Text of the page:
Hauritz's transition from international cricketer to trader
HE WAS one of the men thrown through Australian cricket's grinder after the retirement of one of the best spin bowlers of all time.
Now, Nathan Hauritz trades on the stock market with the same dedication and vigour he did in decades on the cricket pitch.
Hauritz was the special guest speaker at Hervey Bay Chamber of Commerce's Long Lunch at Kingfisher Bay Resort. It was the first time Hauritz was afforded such an opportunity, and he took it with both hands.
The Nathan Hauritz who sat on a stool in the Boat Club's bar is a far cry from the Nathan Hauritz who played with and against the best cricketers in the world less than a decade ago.
He was one of the men charged with being one of Australia's key spinners in the wake of Shane Warne's retirement after the 2006-07 Ashes series.
His opportunity, after a surprise 2004 debut due to Warne's broken finger, came in 2008, when he became a mainstay in Australia's First XI for the next two years.
Much like every other Australian spinner at the time, he was forced to perform in Warne's shadow.
He took 63 wickets from 17 Test matches, the last of which he played against India in October, 2010.
Hauritz spent the next few years in domestic cricket, playing first class and one day games until 2013, and a further two years in various Twenty20 competitions across the world.
His retirement from all forms of top-class cricket signalled the start of a transition that would be the toughest of his 36 years.
"It probably is almost worse than a civilian,” Hauritz said.
"I was nine when I started playing cricket, I was in the system when I was 15.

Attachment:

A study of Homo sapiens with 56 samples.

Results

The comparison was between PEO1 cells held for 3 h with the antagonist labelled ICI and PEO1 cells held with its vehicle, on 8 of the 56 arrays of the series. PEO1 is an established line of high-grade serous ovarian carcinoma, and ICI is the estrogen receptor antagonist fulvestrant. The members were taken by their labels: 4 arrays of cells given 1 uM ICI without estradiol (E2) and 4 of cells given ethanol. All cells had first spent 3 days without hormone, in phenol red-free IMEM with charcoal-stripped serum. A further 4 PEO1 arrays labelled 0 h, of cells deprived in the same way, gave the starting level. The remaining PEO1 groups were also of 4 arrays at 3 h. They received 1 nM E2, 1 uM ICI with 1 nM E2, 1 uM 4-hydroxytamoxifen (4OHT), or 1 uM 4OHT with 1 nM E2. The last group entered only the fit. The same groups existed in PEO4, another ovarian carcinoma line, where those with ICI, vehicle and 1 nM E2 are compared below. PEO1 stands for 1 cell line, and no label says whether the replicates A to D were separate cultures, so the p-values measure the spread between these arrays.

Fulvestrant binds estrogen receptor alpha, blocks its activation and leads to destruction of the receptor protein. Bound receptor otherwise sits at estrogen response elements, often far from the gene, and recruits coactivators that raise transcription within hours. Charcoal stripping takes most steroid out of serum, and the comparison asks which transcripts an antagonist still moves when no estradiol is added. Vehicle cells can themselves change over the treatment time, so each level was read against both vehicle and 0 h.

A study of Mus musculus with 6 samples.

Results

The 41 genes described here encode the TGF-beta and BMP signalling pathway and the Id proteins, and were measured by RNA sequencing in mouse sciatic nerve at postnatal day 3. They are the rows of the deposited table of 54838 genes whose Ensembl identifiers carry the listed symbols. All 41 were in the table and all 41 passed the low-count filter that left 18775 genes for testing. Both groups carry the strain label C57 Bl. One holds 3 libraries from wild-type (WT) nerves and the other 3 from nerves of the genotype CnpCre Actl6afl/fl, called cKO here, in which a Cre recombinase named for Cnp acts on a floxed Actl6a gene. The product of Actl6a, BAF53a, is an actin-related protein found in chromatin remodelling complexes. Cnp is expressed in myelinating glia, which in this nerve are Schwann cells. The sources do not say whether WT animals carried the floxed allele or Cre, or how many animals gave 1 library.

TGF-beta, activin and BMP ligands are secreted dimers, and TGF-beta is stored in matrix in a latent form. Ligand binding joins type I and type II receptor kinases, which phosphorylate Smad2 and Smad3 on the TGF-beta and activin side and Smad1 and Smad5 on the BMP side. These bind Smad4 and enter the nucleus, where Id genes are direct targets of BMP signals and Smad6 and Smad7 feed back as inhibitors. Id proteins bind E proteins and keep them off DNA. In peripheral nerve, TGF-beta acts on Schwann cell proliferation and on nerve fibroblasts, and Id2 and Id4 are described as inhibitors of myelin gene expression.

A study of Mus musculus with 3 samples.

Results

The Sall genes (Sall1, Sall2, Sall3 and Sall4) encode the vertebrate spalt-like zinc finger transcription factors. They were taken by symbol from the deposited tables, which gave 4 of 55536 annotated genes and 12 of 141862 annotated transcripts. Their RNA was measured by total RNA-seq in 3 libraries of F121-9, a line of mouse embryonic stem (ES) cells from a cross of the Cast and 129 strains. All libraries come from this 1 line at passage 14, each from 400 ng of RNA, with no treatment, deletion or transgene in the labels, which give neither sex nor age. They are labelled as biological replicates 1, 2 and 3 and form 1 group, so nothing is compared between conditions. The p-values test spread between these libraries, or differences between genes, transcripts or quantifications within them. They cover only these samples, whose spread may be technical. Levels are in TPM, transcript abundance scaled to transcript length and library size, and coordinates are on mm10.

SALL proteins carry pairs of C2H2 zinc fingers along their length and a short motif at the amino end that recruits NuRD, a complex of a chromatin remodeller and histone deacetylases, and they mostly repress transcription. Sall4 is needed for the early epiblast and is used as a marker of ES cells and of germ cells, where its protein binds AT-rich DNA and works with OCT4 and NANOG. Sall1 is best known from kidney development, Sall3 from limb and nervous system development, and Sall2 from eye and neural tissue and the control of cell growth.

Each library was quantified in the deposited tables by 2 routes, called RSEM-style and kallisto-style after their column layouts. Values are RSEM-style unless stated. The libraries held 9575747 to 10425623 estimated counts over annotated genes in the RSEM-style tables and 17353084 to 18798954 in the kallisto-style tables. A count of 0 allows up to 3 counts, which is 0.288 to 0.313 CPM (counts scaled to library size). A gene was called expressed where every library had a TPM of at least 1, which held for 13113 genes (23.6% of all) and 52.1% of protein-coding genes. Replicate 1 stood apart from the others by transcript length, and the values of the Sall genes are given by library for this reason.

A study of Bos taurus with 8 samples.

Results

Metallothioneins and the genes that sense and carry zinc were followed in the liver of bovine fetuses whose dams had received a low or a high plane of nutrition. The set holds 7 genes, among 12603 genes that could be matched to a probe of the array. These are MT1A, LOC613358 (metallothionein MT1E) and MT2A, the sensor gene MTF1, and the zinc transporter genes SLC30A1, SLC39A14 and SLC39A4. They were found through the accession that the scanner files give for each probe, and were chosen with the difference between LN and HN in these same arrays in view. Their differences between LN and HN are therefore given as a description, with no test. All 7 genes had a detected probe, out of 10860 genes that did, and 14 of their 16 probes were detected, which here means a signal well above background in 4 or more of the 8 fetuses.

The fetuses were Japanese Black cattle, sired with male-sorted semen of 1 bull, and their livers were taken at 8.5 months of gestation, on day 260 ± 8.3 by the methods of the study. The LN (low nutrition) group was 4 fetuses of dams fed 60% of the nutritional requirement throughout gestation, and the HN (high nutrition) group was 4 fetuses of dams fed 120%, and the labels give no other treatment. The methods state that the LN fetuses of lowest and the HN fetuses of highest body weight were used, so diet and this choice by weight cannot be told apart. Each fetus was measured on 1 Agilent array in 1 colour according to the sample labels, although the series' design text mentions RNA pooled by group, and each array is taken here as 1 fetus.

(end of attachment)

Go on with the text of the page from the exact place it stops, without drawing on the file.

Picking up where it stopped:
"During that time I did bits and pieces of study but I never finished a degree. I didn't enjoy it, I was young and didn't want to finish it, or I'd get close to finishing then I was picked for Australia. Once you get into that environment it's very hard to study.”
A 20-year cricket career, during which he played at all levels in all forms of the game, followed, and while he got to live the dream as a professional sportsman, it did not bode well for the day he left the sport.
"Going to someone saying 'I'm Nathan Hauritz, I'd like to get a job here'. They go 'what experience do you have? You're 34, why would we hire you?,” he said.
"'You might've played cricket for your country but it means nothing - I'm better off hiring a 21-year-old who is getting a degree and working those 60-hour weeks'. It's really tough.”
So where did Hauritz, one of the poor spinners thrust into the high-pressure position of replacing the greatest Australian tweaker of all time, find a post- professional cricket niche?
The stock market.
"For me, it's the closest thing I can replicate to cricket, the highs and the lows,” Hauritz said.
"I don't like the lows, but when you have a good trade and good analysis, pretty much where you've hit the market it's made whatever it is, it's a good feeling. It's similar to cricket where you put all of that hard work in and get the results.”
Hauritz has been with Magnetic Trading for three years, and this year started to work full-time for the ASX trading service.
"Getting introduced to those guys really saved me a lot of heartache,” he said.
"I didn't want to stay in cricket or coaching. There's not a lot of jobs, and once you're cut from something (Hauritz was dropped from Queensland), you become a bit resentful.”
Any resentment Hauritz may have harboured for cricket is now buried.
He coaches at Brisbane club Northern Suburbs and has stayed in contact with former Queensland and Australian teammates.
He applies the same determination he showed in cricket to making millions on the market.
"I'm a long way from that, (but) it's something I don't see as impossible,” he said.